It’s an iron law of politics that the squeaky wheel gets the grease. Yet in spite of a quarter-century of the Australian arts sector being systematically squeezed — derided as a self-indulgent drain hole for public money — there has been very little squeak, with no effective and sustained campaign for funding of the sector as a whole.
Under pressure, bodies fracture. That’s another iron law. The failure to get a campaign off the ground despite the desperate need appears to indicate a sector that has Balkanised.
The sector is broken up into disciplines (dance, writing, visual arts, music, theatre, film and television) and within each sit sub-disciplines, state and regional bodies, small to medium v large, and Indigenous bodies. And each of these has its own peak bodies, personalities, internal cultures, historical baggage, and different policy and cultural focuses.
A lot of people in the arts are keen for a broad campaign. Some believe they’ve already fought a war against government austerity and lost.
The electorate must be won over
The effective notion for the arts is not in its relationship to government but in its view of the electorate’s capacity to be won over. If you can demonstrate your capacity to cause political damage your lobbying efforts with political parties improves exponentially.
Is it any wonder the electorate might hold wary views of the arts and arts funding when the sector has been relentlessly positioned as an esoteric and niche enterprise, populated by people who have nothing in common with the general population but don’t mind dipping their hands into the public purse?
That’s the type of framing the arts gets in Australia with absolutely no counter narratives to challenge it.
But here’s the curious thing. About a week after Jimmy Barnes, Tina Arena and Guy Sebastian started campaigning for an arts package this year, a $250 million package materialised. (That it doesn’t appear to have manifested yet is not unique.)
And this is the essential issue that the arts sector needs to wrap its head around if it’s to become one of the most potent political forces in this country.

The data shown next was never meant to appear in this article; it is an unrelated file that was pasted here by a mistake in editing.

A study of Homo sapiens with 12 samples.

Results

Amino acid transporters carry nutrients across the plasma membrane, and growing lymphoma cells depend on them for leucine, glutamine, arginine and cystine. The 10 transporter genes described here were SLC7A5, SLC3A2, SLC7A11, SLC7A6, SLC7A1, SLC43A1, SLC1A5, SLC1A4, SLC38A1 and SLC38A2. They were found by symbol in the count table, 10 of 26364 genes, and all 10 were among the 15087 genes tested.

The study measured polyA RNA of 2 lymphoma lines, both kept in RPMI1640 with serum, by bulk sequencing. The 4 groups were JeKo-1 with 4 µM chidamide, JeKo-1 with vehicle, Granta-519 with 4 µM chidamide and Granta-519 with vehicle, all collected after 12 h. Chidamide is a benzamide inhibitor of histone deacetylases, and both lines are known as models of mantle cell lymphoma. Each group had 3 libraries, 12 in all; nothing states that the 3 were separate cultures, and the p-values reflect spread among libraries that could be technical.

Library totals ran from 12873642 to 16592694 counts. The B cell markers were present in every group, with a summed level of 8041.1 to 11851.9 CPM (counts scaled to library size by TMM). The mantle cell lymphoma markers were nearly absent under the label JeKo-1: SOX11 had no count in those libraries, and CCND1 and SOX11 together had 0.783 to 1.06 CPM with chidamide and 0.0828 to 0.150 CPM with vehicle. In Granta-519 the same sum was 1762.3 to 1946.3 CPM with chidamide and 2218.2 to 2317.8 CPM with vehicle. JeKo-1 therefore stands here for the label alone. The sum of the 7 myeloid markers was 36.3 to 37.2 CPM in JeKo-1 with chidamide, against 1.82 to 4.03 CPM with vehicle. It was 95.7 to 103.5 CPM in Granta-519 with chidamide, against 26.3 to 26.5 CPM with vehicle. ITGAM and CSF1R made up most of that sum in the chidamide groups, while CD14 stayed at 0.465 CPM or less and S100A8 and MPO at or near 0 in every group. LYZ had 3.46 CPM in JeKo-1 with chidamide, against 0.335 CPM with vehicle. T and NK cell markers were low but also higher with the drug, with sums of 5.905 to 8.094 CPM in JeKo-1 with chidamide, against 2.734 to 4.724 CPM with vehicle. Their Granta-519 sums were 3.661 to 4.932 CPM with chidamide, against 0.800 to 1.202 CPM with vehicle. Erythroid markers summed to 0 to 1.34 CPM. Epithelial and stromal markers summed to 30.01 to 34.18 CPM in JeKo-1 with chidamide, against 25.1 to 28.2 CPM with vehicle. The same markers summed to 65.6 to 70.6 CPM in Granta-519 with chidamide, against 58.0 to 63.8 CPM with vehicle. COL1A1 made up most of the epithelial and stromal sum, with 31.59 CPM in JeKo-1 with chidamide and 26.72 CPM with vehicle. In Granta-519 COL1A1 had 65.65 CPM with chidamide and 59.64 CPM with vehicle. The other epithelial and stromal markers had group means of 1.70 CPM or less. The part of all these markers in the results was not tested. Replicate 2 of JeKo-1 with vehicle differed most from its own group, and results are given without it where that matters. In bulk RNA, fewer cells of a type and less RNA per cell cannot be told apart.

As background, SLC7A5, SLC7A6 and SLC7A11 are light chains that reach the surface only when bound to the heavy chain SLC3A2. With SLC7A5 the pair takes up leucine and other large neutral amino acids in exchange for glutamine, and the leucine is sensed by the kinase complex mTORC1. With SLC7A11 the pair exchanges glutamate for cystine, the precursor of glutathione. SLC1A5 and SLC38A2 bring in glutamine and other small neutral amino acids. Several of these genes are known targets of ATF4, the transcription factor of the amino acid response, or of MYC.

Let me repeat that: the arts as a lobbying group could be one of the most potent political lobby groups in Australia.
And the issue is finding ways to frame the arts as having real meaning and connection to Australians.
Making the arts a political force
Everyone’s heard of the Minerals Council of Australia. Its potency lies in the rivers of gold it swims in that allows it to produce and run ads that link the health of the mining industry to jobs and economic prosperity.
But there are two lesser-known but extremely powerful lobby groups — the Pharmacy Guild, and Pathology Awareness Australia — which represent chemists and pathologists.
Not particularly sexy, but their reach into every Australian suburb makes them potent. The latter garnered the third-largest number of signatures on a petition in Australian history, forcing the Turnbull government to scrap Medicare reforms during the 2016 election. And if the former ever campaigned against the government, it has the ears of millions of elderly Australians worried about their health, meds and the price of prescriptions.
That’s the potency: having an army of campaigners in every Australian town and suburb.
That is the essential task of a lobbying campaign. To get in front of people and to make that issue an important consideration in every electorate. It’s not the job of a lobbying group to win over 50% plus one of the population to its “sector”. It’s about personalising things — drawing the lines between damage to the sector and to the electorate.
An arts campaign should be four-pronged and include: a media campaign (traditional, social, digital), political lobbying (ally building, friends of the arts groups, political advocacy), events (fundraisers, panel discussions, publicity stunts), and outreach (artists and influencers, pro-bono assistance, arts bodies).
Can you imagine the impact of getting on board the likes of Magda Szubanski, Jimmy Barnes, Mick Molloy, or Deborah Mailman to talk about the value of the arts to Australian culture and national identity and running them non-stop to targeted groups on social media and in the news? Or videos of ordinary Australians and what the arts means to them and their families?
Think of all the dance schools, music teachers, pubs, bars in every town and suburb acting as advocates for arts funding leading into the election. If the government is worried about the impact of chemists in every suburb, imagine that times 10.
There’s no doubt that many arts bodies are skint, but there are philanthropists out there that will fund a campaign, not to mention the general public. And think of the money that can be raised from fundraising events across the nation.
A well-funded and bipartisan campaign will transform this sector. All that’s needed is the political will and a coalition of the willing.